By this time a lot of men and women of questionable reputation were hanging around Jesus, listening intently. The Pharisees and religion scholars were not pleased, not at all pleased. They growled, “He takes in sinners and eats meals with them, treating them like old friends.” Their grumbling triggered this story. (Luke 15:1-3) MSG

Suppose one of you had a hundred sheep and lost one. Wouldn’t you leave the ninety-nine in the wilderness and go after the lost one until you found it? When found, you can be sure you would put it on your shoulders, rejoicing, and when you got home call in your friends and neighbors, saying, ‘Come celebrate with me! I’ve found my lost sheep!’ Count on it—there’s more joy in heaven over one sinner’s rescued life than over ninety-nine good people in no need of rescue. (Luke 15: 4-7) MSG

In my research into the cultural aspects of this parable, I found that most likely a good shepherd, responsible for the care of another’s sheep, would be the one who searched for the one that had gotten lost. Such a shepherd would indeed celebrate with other shepherds who would understand how important it would be to find it.

Or imagine a woman who has ten coins and loses one. Won’t she light a lamp and scour the house, looking in every nook and cranny until she finds it ? And when she finds it you can be sure she’ll call her friends and neighbors: ‘Celebrate with me! I found my lost coin!’ Count on it—that’s the kind of party God’s angels throw every time one lost soul turns to God.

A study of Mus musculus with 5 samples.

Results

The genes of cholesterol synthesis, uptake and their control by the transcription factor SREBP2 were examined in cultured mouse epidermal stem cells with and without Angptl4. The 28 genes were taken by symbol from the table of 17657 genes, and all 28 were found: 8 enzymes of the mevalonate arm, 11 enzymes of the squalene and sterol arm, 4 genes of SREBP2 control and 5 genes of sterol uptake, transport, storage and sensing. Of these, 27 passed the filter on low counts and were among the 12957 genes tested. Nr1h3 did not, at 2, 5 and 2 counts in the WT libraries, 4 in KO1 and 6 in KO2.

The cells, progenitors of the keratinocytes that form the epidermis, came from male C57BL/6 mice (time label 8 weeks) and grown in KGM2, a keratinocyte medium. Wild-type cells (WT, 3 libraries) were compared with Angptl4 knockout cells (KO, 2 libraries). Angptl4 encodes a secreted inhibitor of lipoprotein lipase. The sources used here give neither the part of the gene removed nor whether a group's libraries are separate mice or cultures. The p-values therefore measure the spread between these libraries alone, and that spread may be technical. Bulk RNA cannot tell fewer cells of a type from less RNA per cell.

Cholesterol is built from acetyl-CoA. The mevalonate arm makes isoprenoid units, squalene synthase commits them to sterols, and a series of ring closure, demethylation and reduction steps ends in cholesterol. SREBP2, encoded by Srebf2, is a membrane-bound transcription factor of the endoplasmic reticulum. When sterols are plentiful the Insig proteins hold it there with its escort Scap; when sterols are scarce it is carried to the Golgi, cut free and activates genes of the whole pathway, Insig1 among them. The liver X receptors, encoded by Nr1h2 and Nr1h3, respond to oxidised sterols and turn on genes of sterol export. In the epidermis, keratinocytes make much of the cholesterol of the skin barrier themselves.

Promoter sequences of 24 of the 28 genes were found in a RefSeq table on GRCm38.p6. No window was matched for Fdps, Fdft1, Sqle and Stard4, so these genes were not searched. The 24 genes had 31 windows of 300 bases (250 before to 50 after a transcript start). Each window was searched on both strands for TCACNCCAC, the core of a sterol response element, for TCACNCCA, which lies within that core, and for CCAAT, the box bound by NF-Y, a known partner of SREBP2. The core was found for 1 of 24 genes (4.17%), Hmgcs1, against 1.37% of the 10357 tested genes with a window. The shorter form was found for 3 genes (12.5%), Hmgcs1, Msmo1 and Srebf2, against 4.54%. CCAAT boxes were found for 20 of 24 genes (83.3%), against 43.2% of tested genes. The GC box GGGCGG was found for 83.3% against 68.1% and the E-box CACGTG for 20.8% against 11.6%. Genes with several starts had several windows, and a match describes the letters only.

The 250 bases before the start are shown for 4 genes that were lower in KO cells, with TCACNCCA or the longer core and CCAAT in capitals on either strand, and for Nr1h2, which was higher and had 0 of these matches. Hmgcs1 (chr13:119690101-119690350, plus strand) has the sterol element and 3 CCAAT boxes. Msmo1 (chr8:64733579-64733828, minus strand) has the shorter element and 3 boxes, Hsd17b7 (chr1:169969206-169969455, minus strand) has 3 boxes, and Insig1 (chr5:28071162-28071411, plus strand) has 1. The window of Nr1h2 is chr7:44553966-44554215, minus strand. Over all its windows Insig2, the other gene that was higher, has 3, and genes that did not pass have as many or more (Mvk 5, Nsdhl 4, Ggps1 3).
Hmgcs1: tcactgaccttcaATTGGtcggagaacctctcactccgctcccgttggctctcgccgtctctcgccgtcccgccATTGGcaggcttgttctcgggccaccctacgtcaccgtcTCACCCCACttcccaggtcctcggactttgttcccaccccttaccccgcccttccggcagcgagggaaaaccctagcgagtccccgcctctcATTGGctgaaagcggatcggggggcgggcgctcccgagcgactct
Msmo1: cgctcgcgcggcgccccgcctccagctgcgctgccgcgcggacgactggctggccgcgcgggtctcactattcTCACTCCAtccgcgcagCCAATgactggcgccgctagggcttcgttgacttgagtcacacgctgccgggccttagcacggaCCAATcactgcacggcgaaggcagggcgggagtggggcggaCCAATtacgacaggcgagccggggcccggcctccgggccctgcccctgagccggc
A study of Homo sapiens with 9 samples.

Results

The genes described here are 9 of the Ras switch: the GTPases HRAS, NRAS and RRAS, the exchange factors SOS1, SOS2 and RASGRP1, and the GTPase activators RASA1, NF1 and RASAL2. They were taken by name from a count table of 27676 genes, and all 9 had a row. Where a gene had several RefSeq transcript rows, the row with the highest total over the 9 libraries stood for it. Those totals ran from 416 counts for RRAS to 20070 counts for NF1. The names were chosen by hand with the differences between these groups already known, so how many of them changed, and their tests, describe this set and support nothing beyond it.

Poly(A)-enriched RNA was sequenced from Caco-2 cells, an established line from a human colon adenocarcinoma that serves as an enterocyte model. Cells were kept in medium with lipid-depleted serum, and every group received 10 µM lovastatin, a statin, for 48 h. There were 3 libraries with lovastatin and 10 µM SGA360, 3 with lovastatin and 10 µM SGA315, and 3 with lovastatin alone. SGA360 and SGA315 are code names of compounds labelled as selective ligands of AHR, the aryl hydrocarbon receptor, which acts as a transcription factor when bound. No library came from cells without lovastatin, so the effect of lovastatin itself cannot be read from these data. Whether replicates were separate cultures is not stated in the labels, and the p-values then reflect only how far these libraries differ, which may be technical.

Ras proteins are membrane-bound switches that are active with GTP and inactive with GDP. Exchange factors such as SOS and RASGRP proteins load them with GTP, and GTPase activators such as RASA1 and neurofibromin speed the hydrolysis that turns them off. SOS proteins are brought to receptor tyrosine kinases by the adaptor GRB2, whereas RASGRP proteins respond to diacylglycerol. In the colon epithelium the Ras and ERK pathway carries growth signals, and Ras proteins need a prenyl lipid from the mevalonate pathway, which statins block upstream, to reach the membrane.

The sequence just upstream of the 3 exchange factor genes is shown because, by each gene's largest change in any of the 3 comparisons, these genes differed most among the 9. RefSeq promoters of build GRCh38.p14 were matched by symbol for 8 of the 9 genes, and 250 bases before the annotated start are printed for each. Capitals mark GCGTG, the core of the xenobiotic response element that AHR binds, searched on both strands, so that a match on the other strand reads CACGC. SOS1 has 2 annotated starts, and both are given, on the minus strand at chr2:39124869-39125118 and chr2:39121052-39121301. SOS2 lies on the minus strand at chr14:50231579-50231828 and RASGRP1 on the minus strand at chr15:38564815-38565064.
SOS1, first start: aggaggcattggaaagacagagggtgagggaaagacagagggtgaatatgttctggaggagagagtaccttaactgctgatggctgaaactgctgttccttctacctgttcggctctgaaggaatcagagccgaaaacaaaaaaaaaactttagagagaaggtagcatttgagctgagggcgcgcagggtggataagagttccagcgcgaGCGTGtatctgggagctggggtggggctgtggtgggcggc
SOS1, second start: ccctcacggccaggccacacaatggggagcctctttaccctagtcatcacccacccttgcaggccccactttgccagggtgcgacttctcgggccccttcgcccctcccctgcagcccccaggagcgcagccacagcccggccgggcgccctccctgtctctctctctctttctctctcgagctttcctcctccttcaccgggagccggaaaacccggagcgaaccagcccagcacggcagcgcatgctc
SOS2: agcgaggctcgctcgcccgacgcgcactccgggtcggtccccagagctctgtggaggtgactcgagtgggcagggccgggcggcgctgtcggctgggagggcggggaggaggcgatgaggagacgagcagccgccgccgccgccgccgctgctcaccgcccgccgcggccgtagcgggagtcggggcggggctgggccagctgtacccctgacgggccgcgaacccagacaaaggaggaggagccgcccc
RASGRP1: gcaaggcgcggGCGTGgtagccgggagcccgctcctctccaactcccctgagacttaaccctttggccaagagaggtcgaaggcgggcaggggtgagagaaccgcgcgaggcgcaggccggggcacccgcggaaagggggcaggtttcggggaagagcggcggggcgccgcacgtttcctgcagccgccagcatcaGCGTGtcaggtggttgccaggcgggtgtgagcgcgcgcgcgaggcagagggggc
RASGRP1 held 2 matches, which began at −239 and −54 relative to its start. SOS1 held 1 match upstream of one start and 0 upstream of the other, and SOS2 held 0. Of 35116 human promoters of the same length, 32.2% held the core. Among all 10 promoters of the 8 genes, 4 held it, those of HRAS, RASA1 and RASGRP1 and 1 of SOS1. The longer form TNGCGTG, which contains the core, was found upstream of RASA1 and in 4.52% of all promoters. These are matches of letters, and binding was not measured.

(Luke 15: 8-10) MSG

In this parable, the ten coins, equivalent to ten day’s wages, were probably the household money for part of the month. Of special interest was a description of the house: excavations show that the less affluent lived in houses smaller than a single car garage which were built of slabs of black basalt. Windows were cracks in the walls about 7 feet above ground and the roof was also a slab of basalt. The floor was basalt stones with large cracks between them where dirt and other things could fall in. The woman would need a light and would have a hard time searching to find the coin. Certainly she would rejoice, and her friends and neighbors would indeed celebrate with her when she found it.

The celebrations in these parables were about things of value to people, but Jesus is about valuing and finding people. In Luke 19:10 he says, ”For the Son of Man has come to find and restore the lost.” And he tells them, and us, how much joy there is in heaven and how the angels rejoice over each person who repents and comes to the Lord.

It seems to me that celebrations come in many sizes. Sometimes they are large events: weddings, birthday parties, the celebration of a person’s life at a memorial service, family reunions and various holidays where families and friends gather.

They can also be small events: an unexpected visit or phone call from a longtime friend, FaceTime with someone who lives far away, gathering in the driveway with a neighbor family to hear from the children how their swim meet went, rejoicing with someone via text for an answer to prayer.

In large celebrations and small ones, we can still honor God and each other with grateful hearts and attitudes. This week be alert to possibilities for celebrating daily events as they come up in your life. Offer thanks and praise to God for showing you how to rejoice in each one.